Archive for September, 2009
Last Wednesday afternoon, Ori and I took a ride in BMC’s Geology van to Tinicum Marsh with Don Barber and his sedimentology class. This site is of interest to us because of its natural environment as well as the historical anthropogenic activities in the area.
Tinicum marsh is a freshwater tidal marsh which is unique because it is influenced by ocean tides, but far enough from the coast to maintain a freshwater ecosystem. The marsh originally covered greater than 5,700 acres, but rapid urbanization following World War I reduced the marsh to fewer than 300 acres. Human activities include the nearby Interstate 95, Folcroft landfill (operational in the 1950s to the mid-1970s, when it was closed) as well as its proximity to the 2004 M/T Athos I Oil Spill, which spilled 265,000 gallons of crude oil into the Delaware river after hitting a submerged anchor while docking at Plainsboro, New Jersey.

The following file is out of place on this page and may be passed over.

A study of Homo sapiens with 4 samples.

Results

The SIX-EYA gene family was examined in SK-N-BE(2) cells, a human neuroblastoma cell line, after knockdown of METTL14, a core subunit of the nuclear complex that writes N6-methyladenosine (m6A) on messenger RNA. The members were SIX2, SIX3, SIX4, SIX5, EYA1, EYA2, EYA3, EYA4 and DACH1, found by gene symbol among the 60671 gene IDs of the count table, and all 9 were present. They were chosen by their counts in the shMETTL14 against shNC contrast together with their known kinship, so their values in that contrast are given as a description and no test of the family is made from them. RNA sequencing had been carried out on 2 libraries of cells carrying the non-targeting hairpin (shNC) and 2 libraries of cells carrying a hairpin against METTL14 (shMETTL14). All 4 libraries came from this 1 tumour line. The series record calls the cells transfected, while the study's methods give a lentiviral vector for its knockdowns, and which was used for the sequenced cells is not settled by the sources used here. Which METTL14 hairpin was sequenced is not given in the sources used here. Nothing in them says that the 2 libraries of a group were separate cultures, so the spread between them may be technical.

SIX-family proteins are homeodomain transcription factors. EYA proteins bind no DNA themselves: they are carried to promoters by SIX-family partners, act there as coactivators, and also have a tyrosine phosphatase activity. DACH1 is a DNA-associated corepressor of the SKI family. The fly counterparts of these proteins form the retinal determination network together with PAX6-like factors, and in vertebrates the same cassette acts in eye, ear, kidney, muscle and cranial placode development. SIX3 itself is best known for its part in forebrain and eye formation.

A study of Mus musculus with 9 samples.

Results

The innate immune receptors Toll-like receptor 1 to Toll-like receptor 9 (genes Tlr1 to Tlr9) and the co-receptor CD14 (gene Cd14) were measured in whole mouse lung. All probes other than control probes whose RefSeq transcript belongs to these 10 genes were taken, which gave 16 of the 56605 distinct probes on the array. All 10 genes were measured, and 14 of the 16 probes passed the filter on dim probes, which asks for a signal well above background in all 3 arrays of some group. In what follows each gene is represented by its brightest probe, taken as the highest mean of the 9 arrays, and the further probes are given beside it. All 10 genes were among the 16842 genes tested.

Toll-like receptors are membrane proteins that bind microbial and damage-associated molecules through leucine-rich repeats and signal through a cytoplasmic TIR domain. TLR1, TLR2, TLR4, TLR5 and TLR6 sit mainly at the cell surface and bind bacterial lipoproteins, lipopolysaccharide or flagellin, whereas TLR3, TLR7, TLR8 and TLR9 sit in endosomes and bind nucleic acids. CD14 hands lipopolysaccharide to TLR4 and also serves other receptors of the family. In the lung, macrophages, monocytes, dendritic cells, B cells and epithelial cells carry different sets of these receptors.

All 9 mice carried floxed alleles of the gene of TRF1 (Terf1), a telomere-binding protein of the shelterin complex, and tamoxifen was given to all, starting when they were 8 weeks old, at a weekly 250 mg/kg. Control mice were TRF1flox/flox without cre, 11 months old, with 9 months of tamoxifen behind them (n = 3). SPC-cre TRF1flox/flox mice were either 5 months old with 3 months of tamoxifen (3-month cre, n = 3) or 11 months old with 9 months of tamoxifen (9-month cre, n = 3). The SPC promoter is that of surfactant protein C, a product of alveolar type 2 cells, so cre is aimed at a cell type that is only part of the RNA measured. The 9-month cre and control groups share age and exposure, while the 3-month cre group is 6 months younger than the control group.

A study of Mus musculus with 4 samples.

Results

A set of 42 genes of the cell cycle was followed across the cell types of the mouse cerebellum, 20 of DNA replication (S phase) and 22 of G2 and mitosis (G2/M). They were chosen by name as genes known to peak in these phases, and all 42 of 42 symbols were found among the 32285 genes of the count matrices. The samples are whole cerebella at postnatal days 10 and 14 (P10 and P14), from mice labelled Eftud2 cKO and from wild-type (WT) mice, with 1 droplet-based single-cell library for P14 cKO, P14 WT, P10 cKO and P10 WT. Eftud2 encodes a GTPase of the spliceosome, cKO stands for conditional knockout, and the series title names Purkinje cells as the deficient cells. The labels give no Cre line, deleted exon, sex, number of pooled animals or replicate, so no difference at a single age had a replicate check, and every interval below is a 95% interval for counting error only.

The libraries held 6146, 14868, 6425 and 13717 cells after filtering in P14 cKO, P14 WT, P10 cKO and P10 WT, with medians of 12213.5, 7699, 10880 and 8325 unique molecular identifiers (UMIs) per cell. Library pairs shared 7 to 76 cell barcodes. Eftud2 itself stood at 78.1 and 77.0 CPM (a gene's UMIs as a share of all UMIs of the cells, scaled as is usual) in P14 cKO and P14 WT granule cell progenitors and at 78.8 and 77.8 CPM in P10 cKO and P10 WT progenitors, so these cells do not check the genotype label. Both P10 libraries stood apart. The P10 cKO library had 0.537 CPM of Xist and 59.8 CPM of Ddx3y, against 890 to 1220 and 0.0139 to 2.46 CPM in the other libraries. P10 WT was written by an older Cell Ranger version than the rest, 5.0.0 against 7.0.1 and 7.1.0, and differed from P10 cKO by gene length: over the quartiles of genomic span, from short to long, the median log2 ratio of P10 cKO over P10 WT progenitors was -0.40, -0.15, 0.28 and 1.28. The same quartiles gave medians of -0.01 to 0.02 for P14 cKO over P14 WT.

We collected a sediment core, some surface sediment grab samples, marveled at the microbial mats and generally enjoyed being outside on a beautiful sunny afternoon. Back in the lab, we sectioned the core and are now ready to start working on this sediment to see what stories it may tell.
I am very pleased to report that the lab is up and running. Many thanks to Carl Aronson, Joanne Brown, Ron Tola and the facilities staff for their work in helping to create a great working environment for us. Sarah has been busily sieving marine sediments and today Casper began his first experiment to break apart organic carbon bonds in sediments. Ori and I went into the field last week with our colleague Don Barber at Bryn Mawr College and his sedimentology class (reported in next blog entry) so we now have new samples to investigate. Next on the agenda is a trip to the coast this coming weekend to collect more samples. Check back for updates!